Campbell: Francis challenges Catholics to live the Gospels
In a recent interview with an Italian newspaper, Pope Francis warned against calling him a "superman" or "star," deeming the descriptions offensive. He is, he said, a normal man who laughs, cries and has friends.
And yet, people around the globe respond enthusiastically to him as if he alone can satisfy a deep hunger for a renewed Roman Catholic Church focused on Gospel messages of compassion, inclusiveness and mercy.
The truth is, no single individual can satisfy our spiritual hunger. The challenges are too great: sexual-abuse scandals, Vatican financial misconduct and the perception that the church is deeply disconnected from those it is supposed to serve.
Pope Francis has reached out to everyone -- particularly those who are struggling -- and made it clear that all of us Catholics are to be part of the transformation. Not easy, but he helps pave the way by calling us to be joyful believers in the power of the Gospel. Joyful . . . not fearful people focused on sin and punishment, as many of us have been of late.
His apostolic exhortation "The Joy of the Gospel," published in November, highlights his views of the change he is leading in the church and in the world. He is trying to build the peace Jesus gave to the Apostles. He challenges us to end turf battles, whether they be within Vatican offices or elsewhere, and embrace processes that bring us together. He knows that the heart hungers for unity and we must open the door to make that happen for each of us.
He also tells us that reality -- read, real people's lives -- is more important than any theoretical construct. This is critical for social justice advocates like myself as we work to apply faith to lived reality. Stories told us by parents struggling to feed their families break our hearts and cause us to grow in a way that a federal budget battle or a Congressional Budget Office report never will.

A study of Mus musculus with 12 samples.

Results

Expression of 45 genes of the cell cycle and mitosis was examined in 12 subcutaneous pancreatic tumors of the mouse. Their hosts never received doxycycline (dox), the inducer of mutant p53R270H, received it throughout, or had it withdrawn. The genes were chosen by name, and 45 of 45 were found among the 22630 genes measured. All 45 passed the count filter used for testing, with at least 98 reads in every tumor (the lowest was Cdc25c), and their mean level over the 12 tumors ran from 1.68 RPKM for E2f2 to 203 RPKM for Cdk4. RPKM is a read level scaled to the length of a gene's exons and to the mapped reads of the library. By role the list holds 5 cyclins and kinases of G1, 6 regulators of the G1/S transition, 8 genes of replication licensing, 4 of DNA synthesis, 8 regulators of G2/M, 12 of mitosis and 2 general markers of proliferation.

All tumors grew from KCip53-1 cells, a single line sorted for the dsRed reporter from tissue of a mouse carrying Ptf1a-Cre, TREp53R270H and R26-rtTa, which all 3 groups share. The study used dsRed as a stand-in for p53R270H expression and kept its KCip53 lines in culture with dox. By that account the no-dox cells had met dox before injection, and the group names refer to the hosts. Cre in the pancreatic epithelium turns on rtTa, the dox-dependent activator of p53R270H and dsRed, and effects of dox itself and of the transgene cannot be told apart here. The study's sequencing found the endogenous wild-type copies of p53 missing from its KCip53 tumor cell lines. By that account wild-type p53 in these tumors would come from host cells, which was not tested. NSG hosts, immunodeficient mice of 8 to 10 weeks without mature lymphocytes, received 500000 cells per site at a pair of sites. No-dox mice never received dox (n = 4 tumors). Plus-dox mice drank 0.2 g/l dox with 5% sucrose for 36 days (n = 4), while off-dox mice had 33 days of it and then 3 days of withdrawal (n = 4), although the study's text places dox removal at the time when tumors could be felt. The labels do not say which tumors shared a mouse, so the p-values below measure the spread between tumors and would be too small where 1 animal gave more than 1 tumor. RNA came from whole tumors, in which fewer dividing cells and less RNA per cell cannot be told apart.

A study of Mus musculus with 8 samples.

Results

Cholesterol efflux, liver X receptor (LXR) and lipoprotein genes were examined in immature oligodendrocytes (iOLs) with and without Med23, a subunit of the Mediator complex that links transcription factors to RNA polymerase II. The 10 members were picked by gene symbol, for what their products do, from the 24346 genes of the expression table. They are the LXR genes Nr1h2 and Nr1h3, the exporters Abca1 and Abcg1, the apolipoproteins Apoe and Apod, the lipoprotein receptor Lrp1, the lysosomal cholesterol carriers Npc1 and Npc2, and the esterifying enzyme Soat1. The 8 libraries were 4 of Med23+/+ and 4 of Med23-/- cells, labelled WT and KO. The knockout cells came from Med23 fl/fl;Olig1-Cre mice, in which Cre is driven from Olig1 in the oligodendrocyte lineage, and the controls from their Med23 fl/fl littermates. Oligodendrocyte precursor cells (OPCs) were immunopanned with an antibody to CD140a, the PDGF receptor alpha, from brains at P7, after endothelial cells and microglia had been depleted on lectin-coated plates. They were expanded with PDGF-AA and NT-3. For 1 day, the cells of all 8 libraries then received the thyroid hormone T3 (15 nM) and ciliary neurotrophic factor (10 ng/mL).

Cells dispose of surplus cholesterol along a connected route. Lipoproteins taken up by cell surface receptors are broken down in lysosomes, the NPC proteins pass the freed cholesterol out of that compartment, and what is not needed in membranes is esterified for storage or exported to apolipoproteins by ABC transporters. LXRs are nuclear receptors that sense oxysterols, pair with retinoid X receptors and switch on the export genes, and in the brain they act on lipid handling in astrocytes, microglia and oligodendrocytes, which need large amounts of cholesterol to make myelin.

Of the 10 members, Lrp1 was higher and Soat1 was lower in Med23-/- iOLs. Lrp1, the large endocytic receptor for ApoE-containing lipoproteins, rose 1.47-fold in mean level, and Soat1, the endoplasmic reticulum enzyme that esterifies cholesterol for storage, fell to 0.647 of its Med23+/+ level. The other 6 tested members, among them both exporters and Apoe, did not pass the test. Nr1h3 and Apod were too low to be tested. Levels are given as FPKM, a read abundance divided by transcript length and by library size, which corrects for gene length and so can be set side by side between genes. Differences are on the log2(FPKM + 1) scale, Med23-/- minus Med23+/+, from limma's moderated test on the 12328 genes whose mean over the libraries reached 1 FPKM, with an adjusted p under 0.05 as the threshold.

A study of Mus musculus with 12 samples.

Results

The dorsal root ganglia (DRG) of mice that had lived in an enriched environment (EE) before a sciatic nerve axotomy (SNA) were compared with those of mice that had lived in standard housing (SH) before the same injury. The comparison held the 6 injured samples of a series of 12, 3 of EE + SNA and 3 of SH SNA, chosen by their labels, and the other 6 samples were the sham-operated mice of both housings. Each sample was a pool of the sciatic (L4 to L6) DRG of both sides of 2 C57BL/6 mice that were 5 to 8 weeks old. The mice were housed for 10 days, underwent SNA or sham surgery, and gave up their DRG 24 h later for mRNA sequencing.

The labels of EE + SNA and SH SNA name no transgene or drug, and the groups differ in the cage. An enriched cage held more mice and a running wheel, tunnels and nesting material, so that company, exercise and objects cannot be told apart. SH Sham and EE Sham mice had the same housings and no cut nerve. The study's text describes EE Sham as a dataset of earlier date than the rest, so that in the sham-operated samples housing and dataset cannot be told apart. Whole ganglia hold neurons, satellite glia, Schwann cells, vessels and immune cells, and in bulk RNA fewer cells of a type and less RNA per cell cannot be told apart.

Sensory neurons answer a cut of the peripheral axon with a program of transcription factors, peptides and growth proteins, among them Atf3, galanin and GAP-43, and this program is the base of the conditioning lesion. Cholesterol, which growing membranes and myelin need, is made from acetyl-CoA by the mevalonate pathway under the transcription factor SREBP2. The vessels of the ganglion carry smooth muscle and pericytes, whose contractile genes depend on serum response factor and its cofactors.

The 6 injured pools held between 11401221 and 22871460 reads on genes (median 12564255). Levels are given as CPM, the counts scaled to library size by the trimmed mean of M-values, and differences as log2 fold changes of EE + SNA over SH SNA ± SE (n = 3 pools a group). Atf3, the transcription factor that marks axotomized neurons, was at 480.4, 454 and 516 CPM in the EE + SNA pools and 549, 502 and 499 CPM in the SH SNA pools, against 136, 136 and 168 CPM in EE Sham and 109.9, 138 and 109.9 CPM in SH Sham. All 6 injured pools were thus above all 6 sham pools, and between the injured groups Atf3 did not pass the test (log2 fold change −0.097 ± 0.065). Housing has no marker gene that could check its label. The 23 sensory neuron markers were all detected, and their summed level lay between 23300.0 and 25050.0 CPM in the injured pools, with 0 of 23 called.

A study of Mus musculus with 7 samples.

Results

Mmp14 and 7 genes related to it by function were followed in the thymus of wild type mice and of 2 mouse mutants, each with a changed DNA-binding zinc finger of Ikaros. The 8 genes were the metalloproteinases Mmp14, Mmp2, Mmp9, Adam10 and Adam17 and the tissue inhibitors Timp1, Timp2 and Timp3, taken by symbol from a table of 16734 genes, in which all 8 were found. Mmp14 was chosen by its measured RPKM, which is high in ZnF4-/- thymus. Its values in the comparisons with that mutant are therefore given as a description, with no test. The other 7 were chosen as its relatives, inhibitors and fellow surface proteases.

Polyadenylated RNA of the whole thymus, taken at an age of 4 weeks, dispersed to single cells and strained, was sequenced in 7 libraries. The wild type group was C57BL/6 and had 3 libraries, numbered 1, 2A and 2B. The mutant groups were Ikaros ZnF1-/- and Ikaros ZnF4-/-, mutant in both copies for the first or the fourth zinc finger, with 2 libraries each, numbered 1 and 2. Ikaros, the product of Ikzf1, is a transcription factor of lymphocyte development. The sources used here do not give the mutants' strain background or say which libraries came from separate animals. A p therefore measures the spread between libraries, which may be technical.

And finally, he states that building peace requires inclusion of all because individual shapes are needed to form the whole. Each of us matters.
Some skeptics want him to immediately focus on church structural issues such as the role of women and shared decision-making. While critically important, these issues cannot be resolved without first engaging in spiritual conversion.
It won't be easy. Almost everyone resists, seeking to assign blame for individual failings to others. Pope Francis understands such resistance, but he is engaged in leading the transformation. Simple acts like living in a modest communal residence and personally calling people reaching out for help directly connect him to the world. This is transformational for a church hierarchy accustomed to palaces, fancy capes and inaccessibility.
By focusing on everyone, Pope Francis seeks to heal barriers that separate us. He calls us to connect our spiritual lives with the real world around us and to live out our spirituality by being justice-makers. This requires political engagement for the common good.
By asking us to open ourselves to the movement of the Spirit, he has created deep challenges for us. We cannot authentically connect with others until we acknowledge pain and injustice that have wounded so many. We must let our hearts be broken by injustices we witness, weep together, and atone for our previous inaction or participation before we can truly experience conversion. Pope Francis calls us to this cleansing act, leading to forgiveness and new life.
We must all participate with him in renewing ourselves and our world in the Spirit -- for that is the Gospel's call.
Sister Simone Campbell is the executive director of Network, A National Catholic Social Justice Lobby, and author of "A Nun on the Bus: How All of Us Can Create Hope, Change, and Community."